Protection against toxic amyloid-beta oligomers by PMN310, a monoclonal antibody rationally designed for greater therapeutic potency in Alzheimer’s disease
Aging, Dementia, Cognitive, and Behavioral Neurology
P1 - Poster Session 1 (8:00 AM-9:00 AM)
7-006

Advances in the understanding of Alzheimer’s disease (AD) suggest that pathogenesis is not directly related to plaque burden, but rather to soluble toxic AßO.  Therapeutic antibodies targeting Aß monomers and/or plaque have shown limited efficacy and dose-limiting adverse events in clinical trials. These findings suggest that antibodies capable of selectively neutralizing toxic AßO may achieve improved efficacy and safety.  Monoclonal antibody PMN310 was raised against a conformational Aß epitope predicted by computational modeling to be exposed on toxic AßO but not monomers or fibrils.

Evaluate the protective activity of PMN310 against toxic amyloid-beta oligomers (AßO) in vitro and in vivo

The binding selectivity of PMN310 was characterized by surface plasmon resonance (SPR) and immunohistochemistry (IHC).  Its ability to neutralize the propagation and toxicity of AßO was assessed in vitro in a thioflavin-T propagation assay and in cultures of primary rodent neurons, respectively.  In vivo protection was tested in wild-type mice injected intracerebroventricularly (ICV) with AßO and in the APP/L transgenic mouse model of AD. 

In SPR analysis, PMN310 showed little or no interaction with Aß monomers and, compared to other Aß-directed antibodies, was among the least impacted by excess monomer competition in binding to synthetic oligomers or naturally occurring toxic oligomers in AD brain extract.  PMN310 additionally avoided interaction with plaque and vascular deposits as determined by IHC.  In vitro, PMN310 inhibited AßO propagation and neuronal toxicity. In vivo, PMN310 prevented AßO-induced loss of memory formation after ICV injection, and systemic administration to APP/L transgenic mice preserved memory and learning in the water maze task.

The antibody PMN310 was shown to selectively bind toxic AßO and protect against their pathogenic activity in vitro.  In two rodent models of AD, PMN310 protected memory function, suggesting that PMN310 may offer a new therapeutic option for the treatment or prevention of AD.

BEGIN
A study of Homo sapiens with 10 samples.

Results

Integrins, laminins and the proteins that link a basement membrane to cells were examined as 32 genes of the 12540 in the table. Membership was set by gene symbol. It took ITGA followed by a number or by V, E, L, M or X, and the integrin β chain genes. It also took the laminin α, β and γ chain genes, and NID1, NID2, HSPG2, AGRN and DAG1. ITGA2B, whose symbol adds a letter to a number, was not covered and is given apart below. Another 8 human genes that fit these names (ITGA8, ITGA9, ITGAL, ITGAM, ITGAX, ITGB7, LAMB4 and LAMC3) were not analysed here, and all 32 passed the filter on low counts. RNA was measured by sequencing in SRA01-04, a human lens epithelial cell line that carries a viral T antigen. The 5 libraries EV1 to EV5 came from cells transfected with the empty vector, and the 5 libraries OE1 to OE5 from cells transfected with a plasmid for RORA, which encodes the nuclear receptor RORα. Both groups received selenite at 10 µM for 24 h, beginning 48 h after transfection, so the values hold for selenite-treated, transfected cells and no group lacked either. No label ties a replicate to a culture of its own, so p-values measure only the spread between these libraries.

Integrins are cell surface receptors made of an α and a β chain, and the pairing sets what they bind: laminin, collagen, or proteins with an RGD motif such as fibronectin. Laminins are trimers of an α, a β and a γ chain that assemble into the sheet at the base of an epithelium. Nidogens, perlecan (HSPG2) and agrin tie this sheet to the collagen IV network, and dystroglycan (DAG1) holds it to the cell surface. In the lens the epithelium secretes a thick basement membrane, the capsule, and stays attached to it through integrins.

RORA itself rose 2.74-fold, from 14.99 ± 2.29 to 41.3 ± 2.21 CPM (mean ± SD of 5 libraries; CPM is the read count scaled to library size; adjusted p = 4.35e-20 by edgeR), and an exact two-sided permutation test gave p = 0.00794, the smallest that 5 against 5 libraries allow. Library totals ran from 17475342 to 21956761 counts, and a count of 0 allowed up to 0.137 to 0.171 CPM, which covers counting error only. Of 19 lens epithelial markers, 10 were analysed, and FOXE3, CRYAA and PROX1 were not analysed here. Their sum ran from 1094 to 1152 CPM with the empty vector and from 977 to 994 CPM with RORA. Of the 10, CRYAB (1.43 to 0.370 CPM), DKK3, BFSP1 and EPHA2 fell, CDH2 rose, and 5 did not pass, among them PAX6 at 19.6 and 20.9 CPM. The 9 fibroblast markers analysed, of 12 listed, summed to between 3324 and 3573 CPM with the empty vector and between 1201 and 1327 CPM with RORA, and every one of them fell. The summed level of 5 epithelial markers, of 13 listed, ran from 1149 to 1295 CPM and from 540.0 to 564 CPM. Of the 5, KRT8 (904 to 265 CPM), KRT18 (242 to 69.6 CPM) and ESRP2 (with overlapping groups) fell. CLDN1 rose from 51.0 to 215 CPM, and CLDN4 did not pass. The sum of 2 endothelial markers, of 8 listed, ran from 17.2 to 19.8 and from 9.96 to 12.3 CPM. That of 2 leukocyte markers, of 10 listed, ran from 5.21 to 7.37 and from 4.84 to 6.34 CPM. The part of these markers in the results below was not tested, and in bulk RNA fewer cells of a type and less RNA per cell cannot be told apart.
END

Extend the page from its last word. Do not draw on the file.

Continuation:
Authors/Disclosures
Johanne M. Kaplan, PhD (ProMIS Neurosciences)
PRESENTER
Dr. Kaplan has received personal compensation for serving as an employee of ProMIS Neurosciences. Dr. Kaplan has stock in ProMIS Neurosciences. Dr. Kaplan has received intellectual property interests from a discovery or technology relating to health care.
Ebrima Gibbs, Bsc,BMLSc,MSc (University of British Columbia) Dr. Gibbs has received personal compensation in the range of $50,000-$99,999 for serving as a Consultant for Promis Neuroscinces.
Judith Silverman Judith Silverman has received personal compensation for serving as an employee of Bill & Melinda Gates Foundation.
Beibei Zhao Beibei Zhao has received intellectual property interests from a discovery or technology relating to health care.
Juliane Ashleigh Coutts, Other (UBC) Ms. Coutts has nothing to disclose.
Xubiao Peng No disclosure on file
Steven S. Plotkin Steven S. Plotkin has received personal compensation in the range of $5,000-$9,999 for serving as a Consultant for ProMIS Neurosciences. Steven S. Plotkin has stock in ProMIS Neurosciences. The institution of Steven S. Plotkin has received research support from Canadian Institutes of Health Research. The institution of Steven S. Plotkin has received research support from Digital Technology Supercluster. Steven S. Plotkin has received intellectual property interests from a discovery or technology relating to health care.
Neil R. Cashman, MD (University of British Columbia) Dr. Cashman has received personal compensation for serving as an employee of ProMIS Neurosciences. Dr. Cashman has received personal compensation in the range of $5,000-$9,999 for serving on a Scientific Advisory or Data Safety Monitoring board for Mitsubishi-Tanabe. Dr. Cashman has stock in ProMIS Neurosciences. The institution of Dr. Cashman has received research support from ProMIS Neurosciences. Dr. Cashman has received intellectual property interests from a discovery or technology relating to health care. Dr. Cashman has a non-compensated relationship as a BoD memeber with ALS Society of BC that is relevant to AAN interests or activities.